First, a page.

The Touring Ensemble Shares their Appreciation for the Musical and One Another


The first national touring company of 'Falsettos.'

Photo by Joan Marcus.

To say the Falsettos touring cast feels grateful to be part of the revival is an understatement. It might be more accurate to say it’s like a dream come true.

Falsettos—onstage at the Ahmanson Theatre April 16 – May 19, 2019—features music and lyrics by William Finn and a book by Finn and director James Lapine. For over 40 years, Finn and Lapine have created notable musical theatre productions that have graced stages both on and Off-Broadway, including Falsettos, which first premiered on Broadway in 1992.

It’s insane! Nick Adams, who plays Whizzer, told us in a recent interview. I grew up with showbills for Into the Woods and Sunday in the Park with George in my bedroom with James Lapine’s name on my poster. I can picture that poster on my wall as a kid and to have this experience with this show that both of them wrote the book for… it still doesn’t feel real.

Max von Essen, who plays Marvin in Falsettos, echoed Adams’ enthusiasm. I’ll never not be that kid that didn’t see these names on Broadway posters and hasn’t seen their work for a very long time, he said. I’m in this world that I’ve always dreamed of maybe being a part of and with these players who I’ve always known. It’s wild!

Yet not all of the cast members were familiar with Falsettos before taking on their roles in the tour. Eden Espinosa, who plays Trina, had heard of it and knew a couple of the songs but had never seen the show prior to auditioning for it, she said. Her co-star Nick Blaemire, who plays Mendel, also had limited knowledge and experience with the show. It wasn’t until they started performing Falsettos across the nation that they understood the importance of the revival today.

We’re living in a world where people are putting up walls constantly to the outside world and to the hard realities of being a person, explained Blaemire. I think this show really cuts through all of that in a way that is deeply smart and also empathetic. It reminds us that we’re all in the same room dealing with the same things.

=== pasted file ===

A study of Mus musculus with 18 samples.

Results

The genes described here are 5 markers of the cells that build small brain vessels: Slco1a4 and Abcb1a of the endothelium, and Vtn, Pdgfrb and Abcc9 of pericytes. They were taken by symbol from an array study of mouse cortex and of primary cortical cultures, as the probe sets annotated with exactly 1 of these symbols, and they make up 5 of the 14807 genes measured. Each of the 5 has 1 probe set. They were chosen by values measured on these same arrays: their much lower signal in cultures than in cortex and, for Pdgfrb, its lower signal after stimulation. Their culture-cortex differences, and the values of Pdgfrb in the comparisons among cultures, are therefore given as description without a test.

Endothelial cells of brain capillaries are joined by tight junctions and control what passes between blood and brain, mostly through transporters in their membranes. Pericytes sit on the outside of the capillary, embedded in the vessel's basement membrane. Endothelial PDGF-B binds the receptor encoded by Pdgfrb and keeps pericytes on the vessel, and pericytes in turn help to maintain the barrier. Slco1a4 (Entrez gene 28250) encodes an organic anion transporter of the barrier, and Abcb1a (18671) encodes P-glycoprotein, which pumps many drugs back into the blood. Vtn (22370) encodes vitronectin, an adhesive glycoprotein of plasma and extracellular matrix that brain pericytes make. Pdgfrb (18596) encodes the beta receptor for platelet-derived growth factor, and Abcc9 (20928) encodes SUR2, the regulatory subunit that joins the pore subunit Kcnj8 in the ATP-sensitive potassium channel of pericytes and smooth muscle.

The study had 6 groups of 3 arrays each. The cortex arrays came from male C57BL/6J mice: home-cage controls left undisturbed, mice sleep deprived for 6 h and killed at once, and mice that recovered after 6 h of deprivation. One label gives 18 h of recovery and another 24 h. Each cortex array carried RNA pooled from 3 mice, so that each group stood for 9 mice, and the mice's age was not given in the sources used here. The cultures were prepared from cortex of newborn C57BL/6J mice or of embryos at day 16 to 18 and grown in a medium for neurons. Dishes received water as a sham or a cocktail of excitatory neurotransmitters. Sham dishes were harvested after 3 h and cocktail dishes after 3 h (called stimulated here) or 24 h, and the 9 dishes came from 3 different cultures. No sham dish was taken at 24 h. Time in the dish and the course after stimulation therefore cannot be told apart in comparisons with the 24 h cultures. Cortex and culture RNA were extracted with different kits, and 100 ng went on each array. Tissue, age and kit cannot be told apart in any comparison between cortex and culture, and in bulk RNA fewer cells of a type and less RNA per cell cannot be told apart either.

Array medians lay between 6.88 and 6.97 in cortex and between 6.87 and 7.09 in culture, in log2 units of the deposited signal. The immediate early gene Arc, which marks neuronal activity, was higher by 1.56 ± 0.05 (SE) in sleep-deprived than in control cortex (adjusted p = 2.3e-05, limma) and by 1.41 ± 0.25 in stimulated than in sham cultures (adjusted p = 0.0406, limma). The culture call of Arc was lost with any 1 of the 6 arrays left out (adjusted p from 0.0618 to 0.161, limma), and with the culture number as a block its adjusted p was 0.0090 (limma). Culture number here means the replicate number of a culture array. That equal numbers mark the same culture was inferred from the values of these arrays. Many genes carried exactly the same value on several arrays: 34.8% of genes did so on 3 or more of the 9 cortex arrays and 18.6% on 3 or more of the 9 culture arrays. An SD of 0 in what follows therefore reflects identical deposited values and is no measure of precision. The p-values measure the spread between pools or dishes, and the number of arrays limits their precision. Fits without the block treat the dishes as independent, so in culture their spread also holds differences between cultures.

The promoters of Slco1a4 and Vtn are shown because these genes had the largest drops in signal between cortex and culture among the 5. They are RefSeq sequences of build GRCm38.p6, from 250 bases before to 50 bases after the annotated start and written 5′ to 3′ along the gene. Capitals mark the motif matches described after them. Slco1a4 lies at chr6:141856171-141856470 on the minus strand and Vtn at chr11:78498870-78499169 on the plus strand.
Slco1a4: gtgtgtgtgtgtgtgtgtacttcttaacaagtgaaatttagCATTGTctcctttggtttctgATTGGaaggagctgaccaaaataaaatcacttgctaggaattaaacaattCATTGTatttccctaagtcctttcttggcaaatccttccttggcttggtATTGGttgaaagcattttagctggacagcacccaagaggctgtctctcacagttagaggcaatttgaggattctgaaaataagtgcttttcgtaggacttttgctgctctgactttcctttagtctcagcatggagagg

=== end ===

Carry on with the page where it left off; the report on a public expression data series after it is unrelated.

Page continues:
Espinosa added, It’s obviously written in the ’70s and ’80s, but it’s amazing taking it around the country and hearing how it resonates with people and how relevant it is.

The cast has been particularly inspired by the response of the LGBT community on the gay central characters in the show. Representation really does still matter, said von Essen. It’s so awesome to see so many young people from the LGBT community moved by the show, coming to the stage door, and wanting to meet us and thanking us for telling this story. It’s really powerful. Yet the story of Falsettos also reverberates across different types of audiences from all backgrounds with its relatable themes of love and family and growing up, he said.

Another extraordinary gift the ensemble has experienced are the bonds they’ve created while playing a tight-knit family onstage. Adams and von Essen, in particular, share a 12-year friendship and have played concerts in places like Carnegie Hall, but Falsettos remains their first musical together. They both agree that this experience performing with each other—and alongside their fellow cast mates—is one they’ll never forget.

I’m most surprised by how I’ve already been changed by this in such a small amount of time, said Adams. It’s very rare and especially with a show with seven people onstage total. It really is dependent on the relationship between the actors, and we are so blessed. They are all such awesome people first and incredible artists.

The cast hopes the show’s timeless themes—as well as the chemistry of the ensemble—will keep resonating with Los Angeles audiences. As an Anaheim native, Espinosa is happy to be to returning to her hometown and having her family and friends come out to see it, she said.

Blaemire shared her excitement, adding: We’re having these great conversations [on tour], and I just look forward to seeing what L.A. audiences have to say about it.